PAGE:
Sustainable Fabrics: Eco-Friendly Clothing

November 5, 2011 by  
Filed under Blog, Clothing, Eco-Friendly, Fashion, Front Page, Organic, Slideshow, Sustainability

Organic fabrics such as cotton make sustainable, eco-friendly clothing. Photo: © Sandra Cunningham -

Organic fabrics such as cotton make sustainable, eco-friendly clothing. Photo: © Sandra Cunningham -

If you’re interested in finding ways to reduce your carbon footprint with small, daily changes to your lifestyle, there are a lot of options to cut waste and reduce pollution on a personal level. You can recycle, use green cleaning solvents, switch to organic foods, and make many of your own products at home in bulk (5-gallon buckets of homemade laundry detergent, for example) in order to cut back on disposable packaging waste.

But did you know that you can also support sustainable farming by purchasing clothing made from eco-friendly fabrics? Not only are there a wide variety of clothing options out there (with even some big-name designers jumping on the bandwagon), but there are also plenty of reasons to make the change.

For starters, you may be interested to know that sustainable fabrics come from many different sources, each taking steps towards more eco-friendly practices. Organic textiles made from cotton, bamboo, hemp, eucalyptus, and a number of other plants are grown without the use of chemical pesticides and fertilizers that seep into the soil and water supply and drift on the breeze, polluting ecosystems near and far.

Organic silk fabric is made from the abandoned cocoons of silk worms. Photo: © Boudikka -

Organic silk fabric is made from the abandoned cocoons of silk worms. Photo: © Boudikka -

Bamboo is particularly sustainable because it requires very little water to survive. As for vegan wool and peace silk, the animals that provide these fibers are treated humanely. Sheep are free-range, and when they no longer produce sufficient quantities of wool, they are put to pasture (instead of slaughtered). Silk worms are not killed for their cocoons; instead, the silk threads are collected only after moths have emerged.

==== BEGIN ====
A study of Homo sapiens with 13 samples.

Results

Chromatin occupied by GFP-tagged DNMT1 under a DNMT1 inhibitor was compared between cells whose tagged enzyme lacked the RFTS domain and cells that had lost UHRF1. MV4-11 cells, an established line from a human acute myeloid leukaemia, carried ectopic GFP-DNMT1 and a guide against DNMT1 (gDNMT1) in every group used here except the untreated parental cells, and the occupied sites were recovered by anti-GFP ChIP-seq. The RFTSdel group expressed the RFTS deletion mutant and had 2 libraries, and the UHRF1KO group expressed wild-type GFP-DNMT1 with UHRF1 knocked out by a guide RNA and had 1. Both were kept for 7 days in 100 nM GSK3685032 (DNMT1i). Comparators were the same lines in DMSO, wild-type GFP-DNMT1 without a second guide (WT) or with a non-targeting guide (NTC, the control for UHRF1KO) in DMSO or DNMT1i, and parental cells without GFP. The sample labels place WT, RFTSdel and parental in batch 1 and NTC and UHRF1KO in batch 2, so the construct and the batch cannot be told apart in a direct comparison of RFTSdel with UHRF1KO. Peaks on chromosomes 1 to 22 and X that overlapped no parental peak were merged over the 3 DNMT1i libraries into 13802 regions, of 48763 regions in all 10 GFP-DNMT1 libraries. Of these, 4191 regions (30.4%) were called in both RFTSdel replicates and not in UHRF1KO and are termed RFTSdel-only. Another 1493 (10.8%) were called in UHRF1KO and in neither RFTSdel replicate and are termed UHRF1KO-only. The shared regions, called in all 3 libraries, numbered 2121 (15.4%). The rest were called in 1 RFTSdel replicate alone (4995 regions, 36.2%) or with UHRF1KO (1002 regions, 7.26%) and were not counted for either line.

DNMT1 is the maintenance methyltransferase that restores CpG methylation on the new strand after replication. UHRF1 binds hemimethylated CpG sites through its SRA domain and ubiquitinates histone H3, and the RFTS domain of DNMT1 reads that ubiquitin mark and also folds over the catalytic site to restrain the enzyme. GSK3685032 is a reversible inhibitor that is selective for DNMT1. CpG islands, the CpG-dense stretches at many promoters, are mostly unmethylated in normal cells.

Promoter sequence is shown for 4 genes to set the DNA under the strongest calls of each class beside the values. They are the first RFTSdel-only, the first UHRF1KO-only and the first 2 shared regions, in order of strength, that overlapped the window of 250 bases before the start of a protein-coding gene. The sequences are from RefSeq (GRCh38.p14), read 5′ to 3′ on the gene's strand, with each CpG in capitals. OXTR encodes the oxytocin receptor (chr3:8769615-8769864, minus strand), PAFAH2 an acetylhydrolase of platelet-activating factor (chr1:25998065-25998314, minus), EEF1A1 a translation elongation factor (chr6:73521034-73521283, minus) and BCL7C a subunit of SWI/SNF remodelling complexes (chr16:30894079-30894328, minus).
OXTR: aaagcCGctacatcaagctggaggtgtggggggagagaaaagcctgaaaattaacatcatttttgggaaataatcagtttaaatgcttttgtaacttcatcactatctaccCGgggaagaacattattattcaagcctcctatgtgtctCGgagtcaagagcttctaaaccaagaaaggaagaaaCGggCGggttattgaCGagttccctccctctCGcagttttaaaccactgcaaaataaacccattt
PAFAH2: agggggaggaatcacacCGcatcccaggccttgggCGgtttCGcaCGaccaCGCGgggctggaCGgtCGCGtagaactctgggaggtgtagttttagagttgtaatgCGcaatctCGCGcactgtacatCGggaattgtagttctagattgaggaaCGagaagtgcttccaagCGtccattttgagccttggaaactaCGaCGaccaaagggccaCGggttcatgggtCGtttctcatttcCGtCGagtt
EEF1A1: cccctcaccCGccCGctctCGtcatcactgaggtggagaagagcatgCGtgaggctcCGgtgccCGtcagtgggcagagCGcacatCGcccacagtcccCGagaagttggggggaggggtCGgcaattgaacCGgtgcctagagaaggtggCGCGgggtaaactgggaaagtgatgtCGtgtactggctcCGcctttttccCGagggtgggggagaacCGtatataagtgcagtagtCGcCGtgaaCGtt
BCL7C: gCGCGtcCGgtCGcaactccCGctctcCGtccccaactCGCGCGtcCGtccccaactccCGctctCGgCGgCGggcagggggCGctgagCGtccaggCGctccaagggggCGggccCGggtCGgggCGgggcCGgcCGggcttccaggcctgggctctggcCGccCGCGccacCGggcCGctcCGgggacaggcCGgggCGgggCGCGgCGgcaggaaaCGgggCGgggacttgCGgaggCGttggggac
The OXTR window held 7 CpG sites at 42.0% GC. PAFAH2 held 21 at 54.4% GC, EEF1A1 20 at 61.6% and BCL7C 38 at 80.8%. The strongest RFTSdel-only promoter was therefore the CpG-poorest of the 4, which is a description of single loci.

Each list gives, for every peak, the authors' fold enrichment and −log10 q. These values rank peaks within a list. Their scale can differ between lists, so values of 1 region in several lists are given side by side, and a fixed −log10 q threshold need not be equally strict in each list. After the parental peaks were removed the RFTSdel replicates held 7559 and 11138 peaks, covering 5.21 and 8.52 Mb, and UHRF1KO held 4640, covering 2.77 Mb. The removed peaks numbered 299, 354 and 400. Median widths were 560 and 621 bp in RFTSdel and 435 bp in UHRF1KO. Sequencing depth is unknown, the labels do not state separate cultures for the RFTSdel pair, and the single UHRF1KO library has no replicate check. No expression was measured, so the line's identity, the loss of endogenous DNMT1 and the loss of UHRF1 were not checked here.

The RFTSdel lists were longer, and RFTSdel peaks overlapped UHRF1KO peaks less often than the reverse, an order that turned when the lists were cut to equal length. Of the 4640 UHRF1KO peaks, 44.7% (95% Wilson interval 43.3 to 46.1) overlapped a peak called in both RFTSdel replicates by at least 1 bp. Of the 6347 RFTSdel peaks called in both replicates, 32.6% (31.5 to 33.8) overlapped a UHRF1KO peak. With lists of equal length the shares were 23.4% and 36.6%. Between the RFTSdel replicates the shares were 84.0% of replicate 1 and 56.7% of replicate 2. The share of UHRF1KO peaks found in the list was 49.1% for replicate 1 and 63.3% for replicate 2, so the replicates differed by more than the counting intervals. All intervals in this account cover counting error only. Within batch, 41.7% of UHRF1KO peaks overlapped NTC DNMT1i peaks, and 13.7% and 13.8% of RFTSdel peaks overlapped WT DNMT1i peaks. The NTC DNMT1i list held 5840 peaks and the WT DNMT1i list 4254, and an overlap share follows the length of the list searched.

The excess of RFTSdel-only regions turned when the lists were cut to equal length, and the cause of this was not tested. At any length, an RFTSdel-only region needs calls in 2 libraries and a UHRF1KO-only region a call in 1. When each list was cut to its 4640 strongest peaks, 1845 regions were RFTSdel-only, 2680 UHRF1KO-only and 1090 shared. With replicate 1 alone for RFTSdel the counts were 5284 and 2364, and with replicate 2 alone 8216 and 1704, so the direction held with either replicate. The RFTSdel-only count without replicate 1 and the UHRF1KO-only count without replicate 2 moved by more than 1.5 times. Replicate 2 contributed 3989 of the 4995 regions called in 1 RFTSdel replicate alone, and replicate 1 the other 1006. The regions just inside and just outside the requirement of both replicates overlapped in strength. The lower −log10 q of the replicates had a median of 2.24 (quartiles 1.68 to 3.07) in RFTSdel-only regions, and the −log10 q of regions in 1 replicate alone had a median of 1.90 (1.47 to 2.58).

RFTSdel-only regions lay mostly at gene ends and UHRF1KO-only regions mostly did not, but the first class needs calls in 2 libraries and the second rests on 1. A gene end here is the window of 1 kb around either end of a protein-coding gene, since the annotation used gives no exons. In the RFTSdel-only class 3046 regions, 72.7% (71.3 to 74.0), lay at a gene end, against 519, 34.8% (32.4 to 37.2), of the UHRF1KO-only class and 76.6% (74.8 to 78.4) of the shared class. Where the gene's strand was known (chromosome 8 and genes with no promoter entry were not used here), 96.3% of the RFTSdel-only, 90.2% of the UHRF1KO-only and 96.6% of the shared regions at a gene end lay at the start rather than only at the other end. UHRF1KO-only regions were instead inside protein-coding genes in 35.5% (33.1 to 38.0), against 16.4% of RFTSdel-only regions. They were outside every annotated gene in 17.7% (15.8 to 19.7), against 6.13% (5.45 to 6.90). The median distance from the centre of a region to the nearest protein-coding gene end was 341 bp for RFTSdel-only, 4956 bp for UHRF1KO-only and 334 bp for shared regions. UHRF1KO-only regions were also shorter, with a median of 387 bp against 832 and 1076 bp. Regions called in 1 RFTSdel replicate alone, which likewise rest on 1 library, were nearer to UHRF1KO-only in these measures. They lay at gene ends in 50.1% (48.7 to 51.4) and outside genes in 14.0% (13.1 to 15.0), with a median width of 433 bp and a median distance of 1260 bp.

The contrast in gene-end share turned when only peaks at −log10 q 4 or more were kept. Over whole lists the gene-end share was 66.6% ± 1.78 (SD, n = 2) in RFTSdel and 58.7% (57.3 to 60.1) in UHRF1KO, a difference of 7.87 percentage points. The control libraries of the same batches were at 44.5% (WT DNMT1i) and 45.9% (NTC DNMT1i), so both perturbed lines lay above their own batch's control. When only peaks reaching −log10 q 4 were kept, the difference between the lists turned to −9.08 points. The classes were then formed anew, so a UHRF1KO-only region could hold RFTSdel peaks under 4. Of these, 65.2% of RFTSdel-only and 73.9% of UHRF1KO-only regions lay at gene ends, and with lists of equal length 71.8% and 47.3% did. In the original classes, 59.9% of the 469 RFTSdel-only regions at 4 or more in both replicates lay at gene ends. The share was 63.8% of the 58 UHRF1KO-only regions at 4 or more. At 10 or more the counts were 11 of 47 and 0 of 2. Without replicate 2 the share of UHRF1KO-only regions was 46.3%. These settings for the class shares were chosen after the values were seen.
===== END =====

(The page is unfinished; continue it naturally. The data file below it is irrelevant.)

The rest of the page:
Further, these fibers then go through green manufacturing processes that eschew chemicals such as bleaches, dyes, formaldehyde, and any number of retardants (fire, soil, etc.). This means that less chemical waste is produced and fewer harmful toxins are infused into your clothing, thus reducing your risk of absorption and allergic reaction.

Organic clothing is 100% chemical free from the field to your closet. Besides providing for a cleaner environment and clothing that is less harmful to you personally, this is also good for your wallet. Because the fibers of these garments have not been subjected to harsh chemical treatments, they have the potential to last up to ten times as long as regular clothing. So while organic clothes may be a little more expensive on the rack, they could save you a lot of money in the long run (especially on basics like underwear, tees, and jeans that you wear and wash frequently).

You might be thinking that there simply aren’t a lot of options when it comes to eco-friendly clothes, in terms of color and design. But there are plenty of organic dyes on the market to make your wardrobe as colorful as you could wish. And the wide variety of textiles ensure that you’ll always have something fabulous to wear, from comfy athletic ensembles to a little black dress (LBD) for a fancy affair. And with big-name designers like Stella McCartney embracing organic fabrics for their lines, even those who are interested in haute couture clothing can find something to love.

Carol Montrose

Guest Writer

Blue Planet Green Living (Home Page)

Carol Montrose is a writer for, where you can create your own custom tshirts, hoodies, and much more.